Q&A The Misinformation Age: How False Beliefs Spread

New book acts as guide for understanding and mitigating misinformation in a media-frenzied age

Intersection Arrows

From a simple “like” on social media to a damning headline of false facts on national news, contributors – unknowing and otherwise - to the rise of fake news can be found everywhere from high school desks to bullpens at some of the most reputable news agencies. In their new book, UCI logic and philosophy of science professors Cailin O’Connor and James Weatherall explain how fake news comes to be, who some of the biggest culprits are, and how we can all work to kill it before it grows legs.

Q: A lot of people have argued that persistent false beliefs are best explained by individual failures - cognitive biases, blindspots, things like that. But is that the only or most important explanation of why we see so many well-meaning and well-informed people holding false beliefs?

CO: This is one of the core points of the book. Most people, including academics, who have thought about false beliefs and fake news assume that the main problem has to do with our psychological biases. We accept new information that fits our current beliefs, things like that. But we want to push back on this idea. We think that to really understand why false beliefs can persist and even spread, you need to recognize that there is a deep social aspect to what we believe. Think about where virtually all of our beliefs, true and false, come from: someone told you something. Almost everything you believe you get from others. So now think about social media and how people’s social interactions influence the way they get info. Who are they trying to impress? And now think about fake news and propaganda from governments and industry. Fake news works because propagandists know how to take advantage of social ties and connections to promote the beliefs they want people to hold.

Q: We have seen a startling amount of polarization in the U.S. in recent years, concerning not only opinions and values, but facts themselves. What explains this and what can we do about it?

CO: One example of this that we look at in the book is the chronic Lyme disease debate. Everyone agrees that Lyme disease afflicts a huge number of people every year. But it’s very controversial whether Lyme disease is always cured by a dose of antibiotics, or if in some cases there is a chronic form of the disease that can recur long after it has been treated. Lots of people are trying to figure out what’s happening, and there are two groups that have emerged with very strong, different beliefs. They can’t both be right, and they both produce a lot of studies. But they don’t seem to influence one another. The issue, we argue, is trust. Basically, each group only trusts evidence coming from those who share their beliefs. If you have similar beliefs to someone, you trust them. Once you have that sort of situation, you end up with people in very different camps only listening to the people who are like them - even when everybody involved wants to figure out the truth, like in the case of chronic Lyme disease.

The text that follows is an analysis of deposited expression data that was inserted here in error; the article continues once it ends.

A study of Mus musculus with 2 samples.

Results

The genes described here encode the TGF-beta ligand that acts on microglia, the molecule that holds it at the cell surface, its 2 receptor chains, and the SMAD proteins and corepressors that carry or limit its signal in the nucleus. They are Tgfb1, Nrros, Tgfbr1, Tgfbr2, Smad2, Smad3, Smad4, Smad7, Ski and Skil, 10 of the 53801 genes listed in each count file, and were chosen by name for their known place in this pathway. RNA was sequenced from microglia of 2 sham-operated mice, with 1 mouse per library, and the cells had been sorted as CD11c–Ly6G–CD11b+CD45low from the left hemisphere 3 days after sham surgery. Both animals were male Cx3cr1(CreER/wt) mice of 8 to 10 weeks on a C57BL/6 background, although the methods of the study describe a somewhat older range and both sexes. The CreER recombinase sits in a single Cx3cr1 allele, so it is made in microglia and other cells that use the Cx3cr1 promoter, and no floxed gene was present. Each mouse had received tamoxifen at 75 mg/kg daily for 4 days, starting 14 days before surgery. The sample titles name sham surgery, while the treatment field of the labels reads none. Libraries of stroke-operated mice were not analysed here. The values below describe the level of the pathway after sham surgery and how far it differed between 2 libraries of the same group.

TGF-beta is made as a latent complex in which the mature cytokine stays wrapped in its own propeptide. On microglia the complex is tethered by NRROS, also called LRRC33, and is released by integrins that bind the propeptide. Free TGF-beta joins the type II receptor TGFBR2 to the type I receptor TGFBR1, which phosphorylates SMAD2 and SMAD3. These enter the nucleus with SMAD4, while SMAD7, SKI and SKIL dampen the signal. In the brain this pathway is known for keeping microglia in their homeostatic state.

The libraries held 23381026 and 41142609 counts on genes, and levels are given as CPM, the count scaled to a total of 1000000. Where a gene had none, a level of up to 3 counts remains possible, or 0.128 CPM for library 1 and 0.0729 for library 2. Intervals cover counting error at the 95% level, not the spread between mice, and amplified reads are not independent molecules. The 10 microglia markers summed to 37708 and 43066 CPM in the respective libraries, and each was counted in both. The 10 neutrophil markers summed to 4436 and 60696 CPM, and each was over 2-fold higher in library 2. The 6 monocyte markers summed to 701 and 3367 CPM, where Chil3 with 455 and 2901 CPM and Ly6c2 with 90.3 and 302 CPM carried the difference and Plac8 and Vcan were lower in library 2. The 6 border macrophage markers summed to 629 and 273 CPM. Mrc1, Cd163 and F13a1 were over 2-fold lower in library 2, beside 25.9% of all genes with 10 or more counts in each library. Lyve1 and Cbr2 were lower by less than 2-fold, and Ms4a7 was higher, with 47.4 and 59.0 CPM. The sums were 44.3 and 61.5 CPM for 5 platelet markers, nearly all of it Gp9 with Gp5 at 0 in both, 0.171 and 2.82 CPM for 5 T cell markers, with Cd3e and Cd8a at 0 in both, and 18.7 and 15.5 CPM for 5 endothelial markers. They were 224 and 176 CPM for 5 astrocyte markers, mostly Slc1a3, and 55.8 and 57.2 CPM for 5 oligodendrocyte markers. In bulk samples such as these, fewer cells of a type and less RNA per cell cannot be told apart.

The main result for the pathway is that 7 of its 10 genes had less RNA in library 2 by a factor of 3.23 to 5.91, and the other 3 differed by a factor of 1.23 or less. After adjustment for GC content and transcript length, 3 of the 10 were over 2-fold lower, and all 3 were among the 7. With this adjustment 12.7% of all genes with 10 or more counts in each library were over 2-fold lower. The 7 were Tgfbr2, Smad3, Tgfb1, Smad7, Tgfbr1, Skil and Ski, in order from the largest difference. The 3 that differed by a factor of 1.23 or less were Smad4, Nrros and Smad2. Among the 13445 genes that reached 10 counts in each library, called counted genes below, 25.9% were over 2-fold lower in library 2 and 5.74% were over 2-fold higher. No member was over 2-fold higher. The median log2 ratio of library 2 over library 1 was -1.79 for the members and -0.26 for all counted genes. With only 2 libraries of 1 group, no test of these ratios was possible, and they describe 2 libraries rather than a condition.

JW: One really important aspect of what Cailin just said is that we are not assuming that people in the Lyme disease case are only listening to evidence that supports their current beliefs, though of course this might also be happening. Instead, we argue that they are only listening to evidence from people who believe what they believe, and that, because of the sorts of questions those people end up asking, they only get exposed to a limited amount of evidence. Basically, if you think it is settled that chronic Lyme disease doesn’t exist, then you aren’t going to keep doing studies that try to prove it does exist, and you’re going to think that the sorts of people who do those sorts of studies probably have a screw loose somewhere.

JW: Another thing we argue in the book is that there are actually several ways in which you can explain polarization, all of which could be right. But different explanations of polarization suggest different solutions, and in some cases these solutions oppose one another. As Cailin just explained, trust can play a role. But another explanation of polarization is that people are only exposed to a limited range of evidence. In that case, the natural solution is to expose people to more perspectives. But the trust explanation conflicts with that. If you suddenly put two groups with very different beliefs in contact with one another, and they don’t trust each other, they can end up even more polarized. So if trust is the basic issue, what you need is people who are recognized as trustworthy by the community to bring people along.

Q: How do journalists contribute to misinformation and false beliefs? In what ways do standard journalistic practices inadvertently mimic propaganda?

CO: Until the ’80s, there used to be a law on the books, called the fairness doctrine, which required journalists to present both sides of an argument equally. But on scientific matters of fact, that creates a problem, because there is usually more evidence in favor of true things than false ones, which means that presenting both of them evenly means giving too much misleading evidence. So when journalists try to be even-handed, the public ends up seeing too much of the wrong evidence. It’s inherently misleading.

JW: As we said before, an extremely effective propaganda tool is to try to distort the total evidence that the public sees. Essentially, you take scientific evidence and expose people to just some parts of it. This isn’t good. And treating scientific issues using something like the fairness doctrine mimics this sort of propaganda, by distorting the total body of evidence.

CO: This is how journalists, in trying to do due diligence, unwittingly spread false ideas. 

Read the full Q&A online at socs.ci/misinformationage2019.